World Bank Quietly Funding Massive Corporate Water Grab


Billions have been spent allowing
corporations to profit from public water sources even though water
privatization has been an epic failure in Latin America, Southeast Asia,
North America, Africa and everywhere else it’s been tried. But don’t
tell that to controversial loan-sharks at the World Bank. Last month, its private-sector funding arm International Finance Corporation (IFC) quietly dropped a cool 100 million euros ($139 million US) on Veolia Voda, the Eastern European subsidiary of Veolia, the world’s largest private water corporation. Its latest target? Privatization of Eastern Europe’s water resources.

has made it clear that their business model is based on maximizing
profits, not long-term investment,” Joby Gelbspan, senior program
coordinator for private-sector watchdog Corporate Accountability International,
told AlterNet. “Both the World Bank and the transnational water
companies like Veolia have clearly acknowledged they don’t want to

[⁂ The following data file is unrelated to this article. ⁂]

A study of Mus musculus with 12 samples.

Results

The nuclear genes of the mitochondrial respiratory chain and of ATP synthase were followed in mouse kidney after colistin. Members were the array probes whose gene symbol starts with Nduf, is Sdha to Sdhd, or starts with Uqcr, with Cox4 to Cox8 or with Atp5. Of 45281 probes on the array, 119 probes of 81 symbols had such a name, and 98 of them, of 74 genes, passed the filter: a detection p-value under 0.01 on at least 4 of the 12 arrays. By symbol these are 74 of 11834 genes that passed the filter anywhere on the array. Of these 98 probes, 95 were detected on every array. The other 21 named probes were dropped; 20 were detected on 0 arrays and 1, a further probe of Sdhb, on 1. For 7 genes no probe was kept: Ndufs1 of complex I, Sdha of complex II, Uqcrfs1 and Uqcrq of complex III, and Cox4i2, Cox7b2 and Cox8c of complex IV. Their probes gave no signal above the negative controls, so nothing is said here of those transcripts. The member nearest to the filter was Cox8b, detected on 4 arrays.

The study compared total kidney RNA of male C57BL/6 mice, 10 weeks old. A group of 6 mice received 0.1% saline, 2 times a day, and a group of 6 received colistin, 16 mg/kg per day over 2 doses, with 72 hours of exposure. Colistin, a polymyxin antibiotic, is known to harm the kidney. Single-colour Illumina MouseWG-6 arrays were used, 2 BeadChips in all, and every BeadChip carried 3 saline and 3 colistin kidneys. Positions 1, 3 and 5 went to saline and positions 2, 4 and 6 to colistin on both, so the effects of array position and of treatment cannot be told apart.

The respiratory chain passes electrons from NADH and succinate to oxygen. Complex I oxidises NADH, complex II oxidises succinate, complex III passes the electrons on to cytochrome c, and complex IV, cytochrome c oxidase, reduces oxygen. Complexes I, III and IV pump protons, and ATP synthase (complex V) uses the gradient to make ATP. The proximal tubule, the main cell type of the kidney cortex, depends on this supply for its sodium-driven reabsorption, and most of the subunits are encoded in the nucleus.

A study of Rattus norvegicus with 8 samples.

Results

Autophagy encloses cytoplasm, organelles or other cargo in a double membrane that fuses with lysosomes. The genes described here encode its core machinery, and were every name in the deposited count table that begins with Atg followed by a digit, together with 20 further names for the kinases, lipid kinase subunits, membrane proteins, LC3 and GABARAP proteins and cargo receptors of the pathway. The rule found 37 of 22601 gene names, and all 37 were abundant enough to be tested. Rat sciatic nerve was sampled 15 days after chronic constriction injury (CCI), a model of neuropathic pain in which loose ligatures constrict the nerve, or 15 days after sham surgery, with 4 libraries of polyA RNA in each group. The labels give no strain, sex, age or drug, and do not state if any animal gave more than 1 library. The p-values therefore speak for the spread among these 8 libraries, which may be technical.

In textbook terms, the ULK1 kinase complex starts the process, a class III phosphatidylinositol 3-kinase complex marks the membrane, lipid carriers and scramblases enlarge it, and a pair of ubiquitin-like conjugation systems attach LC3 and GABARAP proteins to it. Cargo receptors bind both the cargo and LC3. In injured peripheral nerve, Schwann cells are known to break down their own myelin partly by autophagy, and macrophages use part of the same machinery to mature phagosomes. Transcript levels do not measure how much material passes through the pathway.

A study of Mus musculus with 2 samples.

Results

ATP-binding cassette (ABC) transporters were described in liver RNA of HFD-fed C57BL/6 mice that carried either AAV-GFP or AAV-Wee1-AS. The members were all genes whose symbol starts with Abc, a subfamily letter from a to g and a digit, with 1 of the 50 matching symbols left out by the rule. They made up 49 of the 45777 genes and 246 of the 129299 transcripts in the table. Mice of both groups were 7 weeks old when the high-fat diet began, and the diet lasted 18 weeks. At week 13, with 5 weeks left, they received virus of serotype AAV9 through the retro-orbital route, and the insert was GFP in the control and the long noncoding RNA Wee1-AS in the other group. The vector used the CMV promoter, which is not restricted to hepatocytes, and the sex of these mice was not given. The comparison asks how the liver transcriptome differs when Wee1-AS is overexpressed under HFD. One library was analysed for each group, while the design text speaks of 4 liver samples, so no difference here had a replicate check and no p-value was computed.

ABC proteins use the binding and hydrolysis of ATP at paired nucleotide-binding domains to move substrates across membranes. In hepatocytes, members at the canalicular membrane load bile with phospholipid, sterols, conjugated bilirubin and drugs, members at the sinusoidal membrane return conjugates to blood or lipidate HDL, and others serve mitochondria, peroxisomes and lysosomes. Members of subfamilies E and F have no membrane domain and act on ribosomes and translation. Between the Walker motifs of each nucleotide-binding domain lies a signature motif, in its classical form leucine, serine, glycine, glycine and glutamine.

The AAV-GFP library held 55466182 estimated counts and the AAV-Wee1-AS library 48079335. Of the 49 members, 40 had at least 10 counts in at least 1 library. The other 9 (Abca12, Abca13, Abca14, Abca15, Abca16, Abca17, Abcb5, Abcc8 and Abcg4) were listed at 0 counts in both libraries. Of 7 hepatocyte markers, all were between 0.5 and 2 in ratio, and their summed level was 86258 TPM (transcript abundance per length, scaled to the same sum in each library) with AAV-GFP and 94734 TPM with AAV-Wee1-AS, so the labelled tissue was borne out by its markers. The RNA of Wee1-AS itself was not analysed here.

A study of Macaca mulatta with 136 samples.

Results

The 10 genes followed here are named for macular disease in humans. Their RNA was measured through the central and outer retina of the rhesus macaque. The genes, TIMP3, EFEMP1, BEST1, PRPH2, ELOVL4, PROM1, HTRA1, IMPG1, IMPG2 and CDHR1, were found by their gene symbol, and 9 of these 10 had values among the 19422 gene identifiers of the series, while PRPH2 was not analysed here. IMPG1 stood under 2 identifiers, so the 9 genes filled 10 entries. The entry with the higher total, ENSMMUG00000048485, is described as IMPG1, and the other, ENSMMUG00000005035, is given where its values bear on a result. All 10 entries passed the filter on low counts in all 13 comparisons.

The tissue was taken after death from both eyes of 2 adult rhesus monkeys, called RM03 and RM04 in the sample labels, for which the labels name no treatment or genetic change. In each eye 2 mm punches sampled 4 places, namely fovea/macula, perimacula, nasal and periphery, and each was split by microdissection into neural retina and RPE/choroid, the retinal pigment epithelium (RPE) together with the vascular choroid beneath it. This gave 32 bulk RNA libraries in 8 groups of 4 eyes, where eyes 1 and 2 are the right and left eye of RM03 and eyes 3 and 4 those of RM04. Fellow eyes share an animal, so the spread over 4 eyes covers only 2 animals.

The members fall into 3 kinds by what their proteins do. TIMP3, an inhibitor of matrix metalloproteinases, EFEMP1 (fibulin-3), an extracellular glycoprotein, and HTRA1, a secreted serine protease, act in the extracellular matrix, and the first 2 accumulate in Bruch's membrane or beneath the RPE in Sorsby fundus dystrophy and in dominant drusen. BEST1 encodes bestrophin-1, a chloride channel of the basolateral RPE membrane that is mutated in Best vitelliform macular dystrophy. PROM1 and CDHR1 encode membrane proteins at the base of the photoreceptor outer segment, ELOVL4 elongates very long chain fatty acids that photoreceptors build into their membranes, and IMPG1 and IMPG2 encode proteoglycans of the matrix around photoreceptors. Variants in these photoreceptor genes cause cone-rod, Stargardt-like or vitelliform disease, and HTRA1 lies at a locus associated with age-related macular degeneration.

invest in the infrastructure necessary to improve water access in
Eastern Europe. That’s why this 100 million euro investment in Veolia
Voda by the World Bank’s private investment arm over the summer is so
alarming. It’s further evidence that the World Bank remains committed to
water privatization, despite all evidence that this approach will not
solve the world’s water crisis.”

Read full Alternet article here


About Damien Gillis

Damien Gillis is a Vancouver-based documentary filmmaker with a focus on environmental and social justice issues - especially relating to water, energy, and saving Canada's wild salmon - working with many environmental organizations in BC and around the world. He is the co-founder, along with Rafe Mair, of The Common Sense Canadian, and a board member of both the BC Environmental Network and the Haig-Brown Institute.